Sobbing uncontrollably, the 70-year-old said he had been in a bad place in his life, and was struggling financially, with alcohol and with drugs.
He issued a tearful apology to his fans, saying: “I lost my own dignity, and I am so sorry. I am very sorry.”
Glitter, on trial under his real name Paul Gadd, denies 10 charges relating to three girls between 1975 and 1980.
In November 1997, when he went to pick up a Toshiba laptop he had handed to a PC World branch in Bristol, he was arrested, Southwark Crown Court in London heard.
The engineer who examined the machine had discovered images on it related to child abuse.
Mr Gadd subsequently admitted responsibility for a “large number” of images – depicting a full range of sexual activity taking place between men and very young children – being on his computer.
He was jailed for four months in 1999 for the collection of 4,000 images.
In cross-examination, prosecutor John Price QC, asked the singer: “Why were you looking at pictures of men having sex with young children?”
Immediately breaking into sobs and reaching for a tissue, Mr Gadd replied: “I was in a very bad place in my life at that time and I had a lot of very serious decisions to make about my future.”
He added that he had invested £200,000 in his own career, and that his record company and fans were demanding a lot from him.
‘I was abused’He said that at that stage in his life he was not able to empathise with the child victims of the indecent images that were found on his computer, but added that he now recognised the damage caused to the vulnerable youngsters.
He said: “I was abused as a child, so maybe I was trying to work my own feelings out.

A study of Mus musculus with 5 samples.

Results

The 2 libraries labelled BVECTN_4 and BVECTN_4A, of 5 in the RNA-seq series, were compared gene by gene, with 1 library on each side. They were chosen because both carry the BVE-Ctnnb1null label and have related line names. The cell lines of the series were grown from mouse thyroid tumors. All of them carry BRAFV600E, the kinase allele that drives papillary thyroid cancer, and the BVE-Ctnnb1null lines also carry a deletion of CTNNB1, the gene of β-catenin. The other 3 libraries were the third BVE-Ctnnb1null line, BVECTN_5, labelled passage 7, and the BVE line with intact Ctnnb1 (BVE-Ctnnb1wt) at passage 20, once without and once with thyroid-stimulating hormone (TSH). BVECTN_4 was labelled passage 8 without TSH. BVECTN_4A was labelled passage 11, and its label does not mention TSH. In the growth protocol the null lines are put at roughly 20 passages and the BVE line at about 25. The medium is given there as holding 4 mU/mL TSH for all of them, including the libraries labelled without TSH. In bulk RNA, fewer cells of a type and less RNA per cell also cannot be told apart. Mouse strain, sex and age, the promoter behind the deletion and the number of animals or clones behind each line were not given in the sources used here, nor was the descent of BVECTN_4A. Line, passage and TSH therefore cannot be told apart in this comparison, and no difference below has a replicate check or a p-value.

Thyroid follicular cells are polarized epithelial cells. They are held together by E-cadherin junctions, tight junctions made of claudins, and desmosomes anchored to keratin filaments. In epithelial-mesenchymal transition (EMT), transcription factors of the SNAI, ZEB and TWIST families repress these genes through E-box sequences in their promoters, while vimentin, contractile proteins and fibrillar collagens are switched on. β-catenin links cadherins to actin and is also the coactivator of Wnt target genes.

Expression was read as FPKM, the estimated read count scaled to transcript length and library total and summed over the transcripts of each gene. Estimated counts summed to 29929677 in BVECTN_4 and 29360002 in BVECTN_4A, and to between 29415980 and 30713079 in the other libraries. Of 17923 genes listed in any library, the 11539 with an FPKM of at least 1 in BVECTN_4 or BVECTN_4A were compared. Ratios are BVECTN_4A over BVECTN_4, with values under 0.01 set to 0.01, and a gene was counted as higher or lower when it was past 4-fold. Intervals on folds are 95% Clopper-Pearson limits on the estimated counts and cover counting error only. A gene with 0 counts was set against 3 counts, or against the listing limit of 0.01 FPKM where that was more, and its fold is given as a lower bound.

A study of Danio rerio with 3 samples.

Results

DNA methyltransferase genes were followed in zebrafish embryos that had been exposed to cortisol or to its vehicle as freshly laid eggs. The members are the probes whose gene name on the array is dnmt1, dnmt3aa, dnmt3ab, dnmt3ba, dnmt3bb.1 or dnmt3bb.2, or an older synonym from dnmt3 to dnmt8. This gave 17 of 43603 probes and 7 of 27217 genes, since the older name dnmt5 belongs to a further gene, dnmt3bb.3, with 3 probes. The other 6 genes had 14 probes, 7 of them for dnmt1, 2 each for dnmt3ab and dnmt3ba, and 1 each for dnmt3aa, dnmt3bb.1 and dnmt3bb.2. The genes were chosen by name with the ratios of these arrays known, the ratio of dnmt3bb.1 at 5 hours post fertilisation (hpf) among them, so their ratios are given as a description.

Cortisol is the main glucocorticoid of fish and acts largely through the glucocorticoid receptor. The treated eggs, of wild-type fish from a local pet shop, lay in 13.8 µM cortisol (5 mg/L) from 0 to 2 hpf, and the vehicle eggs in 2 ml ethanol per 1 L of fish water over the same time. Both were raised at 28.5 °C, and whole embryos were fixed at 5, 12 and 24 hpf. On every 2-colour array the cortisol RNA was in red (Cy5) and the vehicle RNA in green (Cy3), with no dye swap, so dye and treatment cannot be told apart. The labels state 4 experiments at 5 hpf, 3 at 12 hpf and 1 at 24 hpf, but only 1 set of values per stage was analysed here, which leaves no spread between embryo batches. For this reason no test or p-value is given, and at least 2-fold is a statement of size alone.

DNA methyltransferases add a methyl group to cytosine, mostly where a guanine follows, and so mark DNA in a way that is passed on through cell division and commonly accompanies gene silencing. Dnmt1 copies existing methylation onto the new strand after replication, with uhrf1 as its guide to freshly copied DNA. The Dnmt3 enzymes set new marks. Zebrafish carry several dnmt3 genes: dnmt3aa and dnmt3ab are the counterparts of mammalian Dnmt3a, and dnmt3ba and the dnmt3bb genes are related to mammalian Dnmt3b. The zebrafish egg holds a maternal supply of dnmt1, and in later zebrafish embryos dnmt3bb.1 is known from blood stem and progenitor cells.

“Today it would not happen, I have no interest in looking at that awful porn now.
“[I have] absolutely no interest at all, it has destroyed my life, it has destroyed my family’s life and it has most likely destroyed all those poor victims’ lives. I have total empathy for those poor children.”
In this trial, he is accused of attempting to rape and indecently assaulting a girl under the age of 13 in 1975.
He was quizzed about the allegation that the youngster was lying in bed with a friend when he attacked her.
But Mr Gadd said he had no recollection of the girl, asserting that he did not try to rape her and that he had no clue why she had made up the allegations.
“I can’t say why anybody would dislike me,” he told jurors. I did not try to rape her or any other child.”
“I have absolutely racked my brains to wonder why she could say such a terrible thing.”
‘Accomplished liar’The court heard that in the mid-1970s his management concocted a story that he was retiring “for love”, something that the singer went along with in an effort to boost concert sales.
Jurors were told that in his 1999 autobiography, Mr Gadd described his involvement in the ruse as an “Oscar winning performance”.
Mr Price said: “What each of these three ladies has told us is true, isn’t it? And you, Mr Gadd, are an accomplished liar.”
The singer firmly replied: “I am not a liar. I believe that I have told the truth all through this, all through my life actually.”
He is also charged with four counts of indecent assault on a fan in 1977 at hotels in Leicester and Birmingham when she was aged 12 and 13; plying the same girl with alcohol, and having unlawful sexual intercourse with her.
Two further charges allege he indecently assaulted a girl of 13 on a date between October 1979 and December 1980, in his dressing room at a venue in Watford where he was performing.
The trial has been adjourned until Monday.